At the Joint Committee on Environment and Climate Action this week, ahead of COP27, the Committee heard powerful testimony from NGO's and activists working for climate justice ahead. The Committee were reminded of the stark reality by activist Elizabeth Wathuti who told us that "We are witnessing devastating Loss & Damage right now. From the devastating flooding across West and Central Africa; to the prolonged drought across the horn of Africa that has seen five consecutive rainy seasons fail."
NGOs highlighted the need for a number of policy measures to ensure that principles of climate justice are reflected in our global effort. A proper loss and damage facility, Ireland following Denmark's lead and beginning to make loss and damage payments as an individual country, proper climate finance and a fossil-fuel non-proliferation treaty are some of the key policy measures we were told are fundamental to climate justice.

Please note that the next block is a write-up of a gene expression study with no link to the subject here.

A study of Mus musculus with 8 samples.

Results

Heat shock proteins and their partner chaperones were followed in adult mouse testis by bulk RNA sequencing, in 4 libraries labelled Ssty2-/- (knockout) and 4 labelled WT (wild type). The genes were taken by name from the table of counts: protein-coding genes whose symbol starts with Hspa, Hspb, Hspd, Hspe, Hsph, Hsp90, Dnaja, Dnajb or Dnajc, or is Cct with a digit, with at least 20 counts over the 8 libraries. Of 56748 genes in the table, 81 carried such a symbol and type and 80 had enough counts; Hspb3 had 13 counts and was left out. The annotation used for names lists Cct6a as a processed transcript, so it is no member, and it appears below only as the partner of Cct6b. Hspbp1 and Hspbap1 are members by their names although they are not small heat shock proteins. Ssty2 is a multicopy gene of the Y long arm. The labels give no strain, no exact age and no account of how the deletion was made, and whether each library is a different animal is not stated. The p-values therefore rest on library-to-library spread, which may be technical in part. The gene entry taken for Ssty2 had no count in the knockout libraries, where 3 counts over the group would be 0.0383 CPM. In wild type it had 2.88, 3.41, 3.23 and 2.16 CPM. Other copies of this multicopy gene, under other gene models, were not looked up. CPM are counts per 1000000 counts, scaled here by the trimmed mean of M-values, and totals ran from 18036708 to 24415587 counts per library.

When officials from the Department of the Environment, Climate and Communications came in, I specifically, asked them to ensure Ireland's support for a loss and damage facility for Global South countries and begin making payments as an individual country, I sought clarification that both loss and damage and climate finance measures would be additional to existing aid commitments and pushed for information on how Ireland intends to meet the 30% by 2030 methane pledge made at COP26.
I also sought a commitment that Ireland would support the inclusion of human rights in negotiated texts and a commitment that Ireland would sign the Declaration on Children, Youth and Climate Action.
Those who are already suffering the worst effects of the climate crisis and who have done the least to cause it, have been consistently let down by wealthy countries. Ireland must fight for climate justice at COP27.